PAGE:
Many people plan for the future in terms of what they hope to achieve while they’re alive. However, few people craft a plan for what they’d like to happen after their death. Wills are an important estate planning tool that help do just that.

Wills, when drafted effectively, can ensure that the people, pets, and belongings you care about continue to be cared for long after you are gone. A will is a blueprint for how your assets will be distributed, no matter how modest or grand your assets may be.

We all want to leave a legacy. Ensuring that your legacy is aligned with your goals, values, and vision starts with a will.

Frequently Asked Questions About Wills

What is a Will?

In short, wills are estate planning documents that spell out who should receive your assets upon death, as well as who will settle your estate and who should assume guardianship of your minor children. A will can cover a wide range of assets, including bank accounts, property, and your most valued possessions—anything from your vehicles to your collection of vintage Beatles records!

I don't have a lot of money. Do I still need a will?

Everyone needs a will, regardless of what your net worth may be—and regardless of whether or not you have children. At the most basic level, a will directs what money you DO have to the people or charitable organizations of your choosing, ensure that prized personal possessions make their way into the hands of friends and family, and ensure your social media accounts are handled as you wish.

As important as it is to ensure your assets are distributed per your wishes, it’s equally important that friends and family members (a) have access to your assets and (b) don’t argue about who gets which of your assets. Really, estate planning is an act of kindness that prevents your loved ones from experiencing unnecessary emotional and financial stress after you pass away.

What happens if I die without a will?

If you die without a will—also known as dying “intestate”—the court will follow intestate succession laws to distribute your assets. Intestate succession laws vary from state to state, but in Oregon you will be assigned a personal representative to be in charge of settling your estate (generally a surviving spouse or adult child) and your assets will be distributed to a surviving spouse, your children, your parents, or your siblings…in that order. Learn more about what happens when you die without a will in Oregon.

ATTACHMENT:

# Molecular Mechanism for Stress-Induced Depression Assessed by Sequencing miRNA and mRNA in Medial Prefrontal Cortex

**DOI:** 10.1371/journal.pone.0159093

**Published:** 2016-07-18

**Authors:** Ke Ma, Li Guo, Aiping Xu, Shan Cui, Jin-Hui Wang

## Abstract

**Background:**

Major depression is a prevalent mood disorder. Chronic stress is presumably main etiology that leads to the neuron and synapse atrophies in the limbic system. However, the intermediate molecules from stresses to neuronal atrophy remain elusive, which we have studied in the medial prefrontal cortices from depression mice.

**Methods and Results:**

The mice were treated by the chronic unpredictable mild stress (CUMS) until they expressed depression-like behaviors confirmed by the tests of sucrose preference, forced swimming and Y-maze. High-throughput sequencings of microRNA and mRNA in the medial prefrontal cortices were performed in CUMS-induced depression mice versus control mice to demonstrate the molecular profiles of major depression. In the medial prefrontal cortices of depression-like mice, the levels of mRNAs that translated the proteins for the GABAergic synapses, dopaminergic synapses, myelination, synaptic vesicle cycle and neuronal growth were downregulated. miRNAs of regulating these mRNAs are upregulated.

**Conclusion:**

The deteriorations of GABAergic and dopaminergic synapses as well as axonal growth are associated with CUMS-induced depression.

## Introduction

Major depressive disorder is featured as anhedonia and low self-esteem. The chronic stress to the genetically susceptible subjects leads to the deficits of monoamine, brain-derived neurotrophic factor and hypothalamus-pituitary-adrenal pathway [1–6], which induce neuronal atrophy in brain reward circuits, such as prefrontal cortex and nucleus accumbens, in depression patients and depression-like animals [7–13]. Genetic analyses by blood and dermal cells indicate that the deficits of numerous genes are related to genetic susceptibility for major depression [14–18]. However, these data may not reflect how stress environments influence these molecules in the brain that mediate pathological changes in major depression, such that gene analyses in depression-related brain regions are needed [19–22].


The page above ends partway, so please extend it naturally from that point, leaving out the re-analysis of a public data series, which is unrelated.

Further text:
Dying without a will can be incredibly complicated and stressful—not to mention expensive—for your successors. Furthermore, your assets at death may be subject to higher taxes than if you had a properly-drafted will in place.

Do I need an estate planning attorney to draft a will?

Wills are highly-nuanced legal documents that should be drafted by a professional estate planning attorney. While there are do-it-yourself estate planning programs with templates for wills and other estate planning documents, we strongly discourage using them. There is no guarantee that a will drafted without legal guidance will be compliant with laws in your state. Furthermore, without the expert eye of an estate planning lawyer, a DIY will most likely won’t account for the possibility of a claim being made against your estate, or the inevitability of changing life circumstances: marriage, divorce, additions to the family, etc.

I feel overwhelmed. How do I start the process of drafting a will?

We understand that thinking about what will happen to your assets and children after your death is uncomfortable. However, once you draft your will, you’ll gain peace of mind knowing that your loved ones are protected—and that is not at all uncomfortable!

Stop procrastinating and start estate planning already! Before meeting with an estate planning attorney, make a list of your assets and debts, including bank accounts, investments, IRAs and 401(k)s, property and vehicles, valuable or prized possessions, the contents of safe deposit boxes, family heirlooms, and anything else you have specific desires for.

If you have an idea of how you’d like your assets to be distributed, start writing it down! The more thought you put into your will prior to meeting with an estate planning lawyer, the easier the process will be.

If you’re ready to get started, contact Caress Law, PC today. We offer a full array of estate planning services—including wills, trusts, and more—right here in Portland, OR.